Posted by Brock Parker  June 11, 2013 04:36 PM


From atop the Maxwell Dworkin building, higher than a Harvard College student’s SAT score, the last of three fledgling red-tailed hawks is preparing for its maiden flight.

Passersby below along Oxford Street in Cambridge can be seen craning their necks for a look up at the baby hawk, which has courage enough to step out of the nest atop a fourth floor ledge, but is not ready to fly, just yet.


Next door, at Harvard’s School of Engineering and Applied Sciences, staff members can be seen crowding at the windows, holding up cameras and snapping pictures of the fledgling hawk before it takes off.

The fledgling’s siblings, two of them, took flight over the weekend for the first time, said Andy Provost, a 66-year-old wildlife photographer who’s been watching the birds for a couple of weeks.

But the other hawks are still nearby. One of the siblings, likely a female, has been hanging out in a tree nearby that hangs over the sidewalk along Oxford Street. Another family member, possibly the bird’s mother, prefers to perch atop the Harvard Museum of Natural History, and made a visit to the last fledgling this morning.


Provost said the mother is very good mother, and one day while she was away from the nest it began to rain heavily. Within seconds, Provost said the mother had returned to the nest and spread her wings and tail to give shelter to her chicks.

“It’s really heartwarming to see,” he said.

Don Claflin, a facilities manager at Harvard, said hawks had been nesting in a tree near Pierce Hall a few years ago before a hawk began building a nest next door on the Maxwell Dworkin building about two years ago.

At the time, Claflin said he got the idea to mount a camera on the building to watch the hawk’s progress building the nest and he brought in some information technology experts at the college to assist. They mounted a camera on the building beside the nest, and put the feed from the camera up online.

The video soon became a hit, Claflin said, with Harvard staff constantly watching the hawk’s activities.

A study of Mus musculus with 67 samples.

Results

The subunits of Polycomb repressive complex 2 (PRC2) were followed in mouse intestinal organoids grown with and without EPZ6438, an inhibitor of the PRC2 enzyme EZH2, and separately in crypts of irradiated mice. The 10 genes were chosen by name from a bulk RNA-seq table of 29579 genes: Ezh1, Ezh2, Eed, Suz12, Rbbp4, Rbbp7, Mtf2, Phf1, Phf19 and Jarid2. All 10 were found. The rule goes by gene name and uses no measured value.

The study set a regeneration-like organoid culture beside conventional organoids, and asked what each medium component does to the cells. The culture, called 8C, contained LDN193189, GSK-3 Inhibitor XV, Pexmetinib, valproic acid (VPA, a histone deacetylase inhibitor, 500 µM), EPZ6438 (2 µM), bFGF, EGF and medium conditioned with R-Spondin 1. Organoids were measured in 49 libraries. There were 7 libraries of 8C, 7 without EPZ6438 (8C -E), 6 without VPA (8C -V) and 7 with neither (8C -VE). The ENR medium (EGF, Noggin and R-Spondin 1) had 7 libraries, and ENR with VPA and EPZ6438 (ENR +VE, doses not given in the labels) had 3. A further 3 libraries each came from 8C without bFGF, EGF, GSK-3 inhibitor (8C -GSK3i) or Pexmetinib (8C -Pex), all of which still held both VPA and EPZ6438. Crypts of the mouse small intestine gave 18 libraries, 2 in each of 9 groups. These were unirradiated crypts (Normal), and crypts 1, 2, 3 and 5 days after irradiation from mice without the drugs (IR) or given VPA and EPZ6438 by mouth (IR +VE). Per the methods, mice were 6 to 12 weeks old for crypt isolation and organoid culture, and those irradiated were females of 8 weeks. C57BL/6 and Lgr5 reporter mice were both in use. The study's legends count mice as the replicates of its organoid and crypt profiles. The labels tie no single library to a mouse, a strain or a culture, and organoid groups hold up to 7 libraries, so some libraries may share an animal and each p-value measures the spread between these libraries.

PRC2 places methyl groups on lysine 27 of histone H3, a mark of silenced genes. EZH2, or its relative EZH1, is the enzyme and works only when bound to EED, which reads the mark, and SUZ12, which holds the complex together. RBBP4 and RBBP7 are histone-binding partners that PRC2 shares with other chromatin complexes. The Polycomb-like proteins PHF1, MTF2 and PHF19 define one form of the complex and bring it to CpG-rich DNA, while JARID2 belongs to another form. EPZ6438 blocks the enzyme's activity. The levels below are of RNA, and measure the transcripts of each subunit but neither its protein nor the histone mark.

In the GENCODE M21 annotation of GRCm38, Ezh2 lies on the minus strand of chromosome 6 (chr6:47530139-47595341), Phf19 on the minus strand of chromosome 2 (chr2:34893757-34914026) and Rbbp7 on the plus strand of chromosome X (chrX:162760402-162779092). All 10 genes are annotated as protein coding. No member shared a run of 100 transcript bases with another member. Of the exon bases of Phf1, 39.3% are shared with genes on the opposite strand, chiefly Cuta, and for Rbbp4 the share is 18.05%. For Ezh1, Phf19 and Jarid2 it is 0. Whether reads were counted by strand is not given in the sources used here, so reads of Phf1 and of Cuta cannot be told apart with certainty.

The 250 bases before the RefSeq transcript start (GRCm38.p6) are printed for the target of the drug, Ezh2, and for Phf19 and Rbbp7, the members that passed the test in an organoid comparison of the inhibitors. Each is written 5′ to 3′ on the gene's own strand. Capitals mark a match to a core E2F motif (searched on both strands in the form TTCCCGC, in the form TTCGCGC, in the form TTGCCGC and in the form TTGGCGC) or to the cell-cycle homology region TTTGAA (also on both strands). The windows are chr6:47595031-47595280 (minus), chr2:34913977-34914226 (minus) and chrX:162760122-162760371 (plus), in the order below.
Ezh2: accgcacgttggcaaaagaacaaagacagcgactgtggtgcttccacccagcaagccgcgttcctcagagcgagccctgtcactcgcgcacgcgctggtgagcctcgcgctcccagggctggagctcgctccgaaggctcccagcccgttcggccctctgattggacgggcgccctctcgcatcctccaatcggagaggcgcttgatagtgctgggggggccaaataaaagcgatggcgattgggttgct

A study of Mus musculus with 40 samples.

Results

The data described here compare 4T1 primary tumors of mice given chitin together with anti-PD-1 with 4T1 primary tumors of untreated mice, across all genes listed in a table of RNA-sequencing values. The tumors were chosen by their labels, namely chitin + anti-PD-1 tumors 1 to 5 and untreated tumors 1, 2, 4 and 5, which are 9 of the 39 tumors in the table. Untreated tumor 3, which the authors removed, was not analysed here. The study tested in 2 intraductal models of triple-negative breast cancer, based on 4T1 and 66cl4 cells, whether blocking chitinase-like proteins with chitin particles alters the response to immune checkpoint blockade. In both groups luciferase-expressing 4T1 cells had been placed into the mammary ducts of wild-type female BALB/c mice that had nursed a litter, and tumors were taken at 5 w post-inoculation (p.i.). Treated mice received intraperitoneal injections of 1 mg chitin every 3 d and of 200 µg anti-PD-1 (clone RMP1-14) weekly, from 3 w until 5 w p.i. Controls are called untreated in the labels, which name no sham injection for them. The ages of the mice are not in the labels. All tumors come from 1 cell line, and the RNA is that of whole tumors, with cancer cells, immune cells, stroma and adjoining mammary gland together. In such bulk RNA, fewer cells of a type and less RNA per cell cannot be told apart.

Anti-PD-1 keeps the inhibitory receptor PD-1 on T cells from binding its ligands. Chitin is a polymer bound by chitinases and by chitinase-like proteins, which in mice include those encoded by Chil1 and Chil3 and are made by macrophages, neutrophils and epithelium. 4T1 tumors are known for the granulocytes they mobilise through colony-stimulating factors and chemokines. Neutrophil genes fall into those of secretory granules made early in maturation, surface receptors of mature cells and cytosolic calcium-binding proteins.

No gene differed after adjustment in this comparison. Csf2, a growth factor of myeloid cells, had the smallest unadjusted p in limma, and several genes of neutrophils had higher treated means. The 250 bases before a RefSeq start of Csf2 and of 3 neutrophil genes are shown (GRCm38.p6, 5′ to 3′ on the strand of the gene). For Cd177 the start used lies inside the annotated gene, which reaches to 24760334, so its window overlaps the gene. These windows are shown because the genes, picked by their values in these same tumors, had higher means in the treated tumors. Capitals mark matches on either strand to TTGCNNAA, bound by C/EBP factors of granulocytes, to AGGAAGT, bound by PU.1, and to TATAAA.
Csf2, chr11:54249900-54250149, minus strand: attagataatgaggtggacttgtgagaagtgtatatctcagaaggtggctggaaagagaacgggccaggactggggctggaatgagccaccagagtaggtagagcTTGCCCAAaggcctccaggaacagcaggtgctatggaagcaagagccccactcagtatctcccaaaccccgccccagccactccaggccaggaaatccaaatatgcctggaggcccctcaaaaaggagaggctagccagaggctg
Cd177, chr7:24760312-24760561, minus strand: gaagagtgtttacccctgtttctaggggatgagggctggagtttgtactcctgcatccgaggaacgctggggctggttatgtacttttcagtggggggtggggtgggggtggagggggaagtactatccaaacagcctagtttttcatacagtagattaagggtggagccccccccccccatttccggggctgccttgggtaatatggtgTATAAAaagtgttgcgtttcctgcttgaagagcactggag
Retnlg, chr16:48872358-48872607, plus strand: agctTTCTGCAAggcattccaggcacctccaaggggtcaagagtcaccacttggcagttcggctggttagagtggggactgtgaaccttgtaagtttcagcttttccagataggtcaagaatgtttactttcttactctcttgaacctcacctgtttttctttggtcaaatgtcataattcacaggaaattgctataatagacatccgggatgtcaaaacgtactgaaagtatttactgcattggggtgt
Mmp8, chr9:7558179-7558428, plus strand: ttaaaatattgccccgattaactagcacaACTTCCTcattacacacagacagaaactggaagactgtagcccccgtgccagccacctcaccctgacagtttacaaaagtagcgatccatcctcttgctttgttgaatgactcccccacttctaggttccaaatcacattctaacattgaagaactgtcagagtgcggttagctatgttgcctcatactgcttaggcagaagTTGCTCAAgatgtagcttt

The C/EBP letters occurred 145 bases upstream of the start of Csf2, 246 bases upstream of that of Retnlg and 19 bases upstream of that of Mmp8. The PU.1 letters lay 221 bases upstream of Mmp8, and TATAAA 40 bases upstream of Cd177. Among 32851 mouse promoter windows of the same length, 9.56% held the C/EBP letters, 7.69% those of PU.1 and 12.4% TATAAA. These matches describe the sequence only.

“I think they spend more time watching these birds than they do doing their work,” he said.

Then one day about two years ago Claflin got a call that the hawk wasn’t there. Then Susan Moses, Deputy Director of the Center for Health Communication at the Harvard School of Public Health, heard about a hawk that had been hit by a car nearby, and had been saved by the Animal Rescue League of Boston. The hawk was taken to Tufts University School of Veterinary Medicine in Grafton to heal, and when it was ready Moses brought the bird back to Harvard and released it.

Last year, Claflin said the bird did not nest at the Maxwell Dworkin building, but it returned to the nest this year and this spring laid eggs.

The camera caught most of the action, including the mother returning to the nests with squirrels and rats to feed the fledglings. Finally, the camera broke down on the day of Harvard’s commencement, Claflin said. A replacement camera has arrived, but Claflin said he’s been instructed that installing it right now may scare the remaining fledgling to jump off the roof before it is ready.

“I don’t want that on my conscience, then I’ll have everybody at Harvard blaming me for the death of the bird,” Claflin said.

But birdwatchers continue to keep a close eye on the fledglings and the other hawks flying around that part of the campus, though, Claflin said.

“Interest in the birds has really taken off,” he said.

Moses said she continues keeping a close eye on the hawks and their fledglings. She said that over the weekend after two of the fledglings left the nest for the first time, the third fledgling that had been left behind made a distressed sound as if it missed its siblings.

Moses said the mother then flew to the nest and seemed to comfort the one remaining fledgling. It’s the type of interaction that she thinks helps pique people’s interest in the birds.

“They really have individual personalities,” Moses said. “They communicate with each other. Nature is really fascinating.”